1990 Suzuki Swift Honda K20 Powered

GT4LIFE



1990 Suzuki Swift - Fast Times DownTime

Turning his beloved Suzuki Swift GT into a race car—one that now sports Honda K20 power—has been the perfect stress reliever for Olympian Kevin Stittle.


Updated July 2020: Even before the current incarnation of Kevin Stittle's 1990 Suzuki Swift GT we knew the subcompact was a little badass, which is why it was first featured in Modified mag in 2013. That early version may have been just a leaping point, though, as the car today—still owned by Stittle—is a much more capable track assassin.



For one, the
Suzuki now features a supercharged Honda K20 engine built by Lavigne Motorsports, kicking to the curb the hatchback's native G13B 1.3L mill. Kevin's mighty mite also has added supplemental aero bits that include an APR rear wing and Custom Carbon Composites front splitter. We caught up with Stittle and got an update, plus more recent photos from @pitlane.media.



SS: When did you decide to go K20? How difficult was the swap? Is the K20 still supercharged?




KS: I decided to do the swap back in 2015. I just felt the car had reached its potential with the Suzuki motor. I had spent a lot of time trying to make power with it and I was sinking a lot of money into developing it with minimal returns and limited potential. A quick measurement of a K Series motor and my mind was made up; it would fit between the frame rails and I decided it was the next step for the car. When I did the swap it was the first one in the world in that model Swift, but with a race car it's a lot easier to do a swap than if you are keeping it a street car. The car was stripped, and it all started with a long block, gearbox and a set of K Tuned headers. The engine mounts were fabricated around the headers fitting; we wanted to be able to use as many off-the-shelf parts to make life easier. K Tuned was a huge help and the car has a ton of K Tuned parts on it that look and work fantastic. From there it was pretty straightforward - plumb in the fuel, wire up the motor and add a pedal box for the hydraulic clutch pedal needed. The most difficult thing to work out was axles; I started with a custom set of shafts with the Honda spline on the inner and Swift spline on the outer. It worked and might have been ok for a street car but we kept sheering them in half on the track. In the end I adapted a larger Suzuki SX4 upright to fit a Honda wheel bearing and pressed in a Honda hub, that way the whole driveline was Honda and I simply ordered a custom length set of Honda axles from Drive Shaft Shop. I have not had an issue since. With the swap on a stock motor we had gained about a 100whp over the Swift motor. We worked out all the bugs with that setup, then went to the Rotrex Supercharger. The car now make 455whp on a Mustang dyno tuned by Lavigne Motorsports on VP100 fuel. It's an absolute rocket.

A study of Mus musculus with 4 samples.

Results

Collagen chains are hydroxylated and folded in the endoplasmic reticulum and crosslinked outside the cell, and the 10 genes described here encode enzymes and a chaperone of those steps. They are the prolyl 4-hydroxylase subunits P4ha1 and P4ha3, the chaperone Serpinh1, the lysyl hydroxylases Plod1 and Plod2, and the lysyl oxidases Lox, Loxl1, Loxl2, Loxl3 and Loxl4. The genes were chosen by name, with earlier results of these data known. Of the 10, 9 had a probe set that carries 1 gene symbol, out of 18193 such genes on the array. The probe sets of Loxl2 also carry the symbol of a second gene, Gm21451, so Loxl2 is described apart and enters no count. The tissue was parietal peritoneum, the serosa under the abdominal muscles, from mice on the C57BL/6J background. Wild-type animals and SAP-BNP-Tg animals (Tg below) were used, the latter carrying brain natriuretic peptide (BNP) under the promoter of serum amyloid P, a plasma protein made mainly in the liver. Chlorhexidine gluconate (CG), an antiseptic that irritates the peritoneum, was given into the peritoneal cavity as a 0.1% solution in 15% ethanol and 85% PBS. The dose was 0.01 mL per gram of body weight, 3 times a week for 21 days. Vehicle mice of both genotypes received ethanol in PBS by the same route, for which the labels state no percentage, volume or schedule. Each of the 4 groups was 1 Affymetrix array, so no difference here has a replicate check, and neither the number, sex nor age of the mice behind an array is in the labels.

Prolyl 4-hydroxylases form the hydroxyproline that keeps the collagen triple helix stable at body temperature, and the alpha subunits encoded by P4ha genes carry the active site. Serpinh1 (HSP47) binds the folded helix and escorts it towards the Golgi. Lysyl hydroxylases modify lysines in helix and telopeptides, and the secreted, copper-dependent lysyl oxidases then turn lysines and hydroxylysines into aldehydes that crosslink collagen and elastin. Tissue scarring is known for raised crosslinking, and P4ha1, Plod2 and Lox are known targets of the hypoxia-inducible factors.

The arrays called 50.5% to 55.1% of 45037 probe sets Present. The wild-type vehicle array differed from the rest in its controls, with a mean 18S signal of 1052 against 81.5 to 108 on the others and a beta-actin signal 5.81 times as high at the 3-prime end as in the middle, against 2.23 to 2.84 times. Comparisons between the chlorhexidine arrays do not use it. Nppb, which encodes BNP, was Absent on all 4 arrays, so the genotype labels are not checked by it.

SS: Generally, what else has changed about the car since it was featured in Modified in 2013? We noticed the aero

KS: There is a lot that has changed - probably not much that's the same actually! Shortly after the Modified magazine article we went wider with custom control arms and some 3-inch flares. We added a full cage and carbon roof skin, carbon doors, carbon hatch, carbon skirts, carbon splitter, carbon diffuser and an APR GT250 wing. All of the brakes were upgraded to a custom NEO Motorsports big brake kit with Hawk pads which is now available to the public. All new, all aluminum prototype NEO Motorsports coilovers front and rear with Eibach springs are on it now and a fun new addition, NEO Motorsports air jack system. The air jack system seems a bit odd to put on a time attack car but it is so nice to have and makes changes and service at the track so much easier It's probably one of my favorite mods right now. We are running a much bigger wheel, Konig Dial In's in a 15 x 9 with Nankang AR1 245's on the front and 225's rear. The car is hooked up on this setup and the tire and wheel combo are killer. An AEM CDL7 dash is used for all of our driver information and data logging, then there are some race car stuff like a fuel cell, Accusump and on board fire suppression system that have all found their way into the car.